Consistent bedtime routines in infancy improve children's sleep habits through age 2
Consistent bedtime routines and activities such as reading books and cuddling with caregivers beginning when infants are 3 months old promote better sleep habits through age 2, a recent study suggests.
Researchers at the University of Illinois Urbana-Champaign found that greater numbers of bedtime-related activities at age 3 months predicted longer sleep duration at 12 months. Likewise, when caregivers engaged in more bedtime-related activities with their infants at 12 months, the children slept longer and had fewer sleep problems at ages 18 months and 24 months.
The findings, reported in the journal Sleep, underscore the importance of bedtime routines in promoting positive sleep outcomes, said lead author Barbara H. Fiese, the co-director of STRONG Kids 2, a program at the U. of I. that promotes nutrition and healthy habits in families with young children.
"Although bedtime routines have been associated with better sleep outcomes for older children and adults, our study is one of the first to look at their effects on children during the first two years of life," said Fiese, who is also a professor emerita of human development and family studies. "These findings suggest that as early as 3 months of age it is important to establish simple bedtime routines such as book reading and a regular bedtime to promote good sleep habits at age 2."
Fiese's team surveyed 468 mothers beginning when their infants were 3 months old, and again when the children were 12 months, 18 months and 24 months old. The mothers were asked about their child's sleep habits, including their bedtime, wake time, the amount of time the child took to fall asleep and the number of times they awoke during the night.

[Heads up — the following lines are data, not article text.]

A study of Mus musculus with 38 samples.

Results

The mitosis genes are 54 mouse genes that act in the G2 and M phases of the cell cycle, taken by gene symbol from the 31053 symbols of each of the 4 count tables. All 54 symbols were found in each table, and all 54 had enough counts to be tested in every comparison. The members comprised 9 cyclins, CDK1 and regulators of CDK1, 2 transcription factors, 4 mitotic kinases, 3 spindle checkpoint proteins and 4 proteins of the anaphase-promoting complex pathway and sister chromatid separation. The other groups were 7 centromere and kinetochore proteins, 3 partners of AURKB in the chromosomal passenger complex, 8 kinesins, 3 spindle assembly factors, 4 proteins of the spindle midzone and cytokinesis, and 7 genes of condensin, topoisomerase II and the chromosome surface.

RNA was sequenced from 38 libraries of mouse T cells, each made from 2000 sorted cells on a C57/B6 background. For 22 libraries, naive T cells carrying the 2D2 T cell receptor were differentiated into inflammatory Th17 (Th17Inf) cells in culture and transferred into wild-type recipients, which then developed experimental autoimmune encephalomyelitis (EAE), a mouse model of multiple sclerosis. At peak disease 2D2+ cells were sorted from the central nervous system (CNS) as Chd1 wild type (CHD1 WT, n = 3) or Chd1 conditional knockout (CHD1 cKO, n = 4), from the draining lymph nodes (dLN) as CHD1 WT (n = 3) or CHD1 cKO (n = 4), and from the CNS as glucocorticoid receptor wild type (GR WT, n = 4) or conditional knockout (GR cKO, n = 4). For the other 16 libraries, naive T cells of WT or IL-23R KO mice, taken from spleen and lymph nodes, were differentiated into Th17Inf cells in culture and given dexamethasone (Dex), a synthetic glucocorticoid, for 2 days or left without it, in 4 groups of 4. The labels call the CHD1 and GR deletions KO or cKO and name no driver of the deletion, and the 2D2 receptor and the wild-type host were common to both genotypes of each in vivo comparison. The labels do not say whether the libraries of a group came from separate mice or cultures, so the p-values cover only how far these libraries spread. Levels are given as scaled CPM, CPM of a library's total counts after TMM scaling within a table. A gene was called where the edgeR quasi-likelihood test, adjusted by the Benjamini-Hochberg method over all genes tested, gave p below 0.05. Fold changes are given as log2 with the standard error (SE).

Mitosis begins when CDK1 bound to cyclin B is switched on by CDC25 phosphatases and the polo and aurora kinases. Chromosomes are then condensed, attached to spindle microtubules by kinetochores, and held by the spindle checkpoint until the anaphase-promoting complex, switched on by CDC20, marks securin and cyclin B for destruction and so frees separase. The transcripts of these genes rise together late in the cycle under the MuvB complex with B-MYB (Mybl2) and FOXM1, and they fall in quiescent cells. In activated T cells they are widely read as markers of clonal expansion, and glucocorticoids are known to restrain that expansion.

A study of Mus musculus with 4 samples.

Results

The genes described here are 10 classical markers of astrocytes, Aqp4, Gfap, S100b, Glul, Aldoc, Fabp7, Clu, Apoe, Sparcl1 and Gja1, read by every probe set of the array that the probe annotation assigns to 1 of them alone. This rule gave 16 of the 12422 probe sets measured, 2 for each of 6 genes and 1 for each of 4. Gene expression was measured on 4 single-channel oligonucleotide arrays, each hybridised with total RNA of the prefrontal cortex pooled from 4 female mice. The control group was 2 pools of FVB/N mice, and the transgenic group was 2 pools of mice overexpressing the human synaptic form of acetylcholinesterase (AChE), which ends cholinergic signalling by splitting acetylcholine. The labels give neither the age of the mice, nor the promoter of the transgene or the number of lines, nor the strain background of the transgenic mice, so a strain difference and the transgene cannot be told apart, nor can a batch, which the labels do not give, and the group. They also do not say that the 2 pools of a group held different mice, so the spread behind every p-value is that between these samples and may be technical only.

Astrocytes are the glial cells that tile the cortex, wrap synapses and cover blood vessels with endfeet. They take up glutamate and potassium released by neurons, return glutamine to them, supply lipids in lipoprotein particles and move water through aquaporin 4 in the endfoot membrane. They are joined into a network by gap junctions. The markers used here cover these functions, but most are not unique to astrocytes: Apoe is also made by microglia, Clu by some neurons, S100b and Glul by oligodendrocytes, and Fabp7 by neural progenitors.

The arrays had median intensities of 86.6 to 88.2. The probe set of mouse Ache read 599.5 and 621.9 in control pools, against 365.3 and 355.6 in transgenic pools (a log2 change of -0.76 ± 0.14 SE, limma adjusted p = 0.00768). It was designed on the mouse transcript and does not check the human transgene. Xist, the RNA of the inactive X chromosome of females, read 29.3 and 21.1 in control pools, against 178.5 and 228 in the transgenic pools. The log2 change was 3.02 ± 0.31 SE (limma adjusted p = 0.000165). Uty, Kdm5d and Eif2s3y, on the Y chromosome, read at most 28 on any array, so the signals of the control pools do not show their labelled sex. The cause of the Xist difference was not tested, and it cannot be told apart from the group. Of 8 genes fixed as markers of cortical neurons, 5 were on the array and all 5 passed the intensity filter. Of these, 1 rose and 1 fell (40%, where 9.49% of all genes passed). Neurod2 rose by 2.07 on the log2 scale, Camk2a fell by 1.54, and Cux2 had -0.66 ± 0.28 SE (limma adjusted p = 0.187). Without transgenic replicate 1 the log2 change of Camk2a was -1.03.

The mothers also reported on the bedtime-related activities they engaged in with their child, including hygiene-related activities such as bathing and brushing their teeth, along with putting on their pajamas, reading or listening to stories and saying goodnight to family members.
The researchers tracked the consistency of families' bedtime practices, such as their putting the child to bed at approximately the same time every evening and how frequently they engaged in bedtime-related activities.
Parents' reported bedtimes for the children covered a wide range, from about 6 p.m. to about midnight, the researchers found. On average, however, the children went to bed at about 9:30 p.m. at three months of age and closer to 9 p.m. at 24 months.
Sleep problems more than doubled, from 4.9% at age three months to 10.6% at age 24 months, according to the parents' reports and those of national surveys, Fiese said.
Nighttime waking declined steadily as the children got older, with more than 43% of the infants waking during the night at age three months to just over 15% at age 24 months.
The researchers found that girls were more likely than boys to have sleep problems at 12 months and experienced more nighttime waking at 24 months.
"When bedtime routines were consistent, parents reported that the children slept longer from age 12 months onward, and there was less nighttime waking and fewer sleep problems at 18 months," said co-author Kelly Freeman Bost, a professor of child development.
"Similar associations were found with bedtime-related activities, which increased in frequency as the children got older. When parents engaged in a greater number of these activities, children had better sleep outcomes, including longer sleep duration at ages 18 months and 24 months."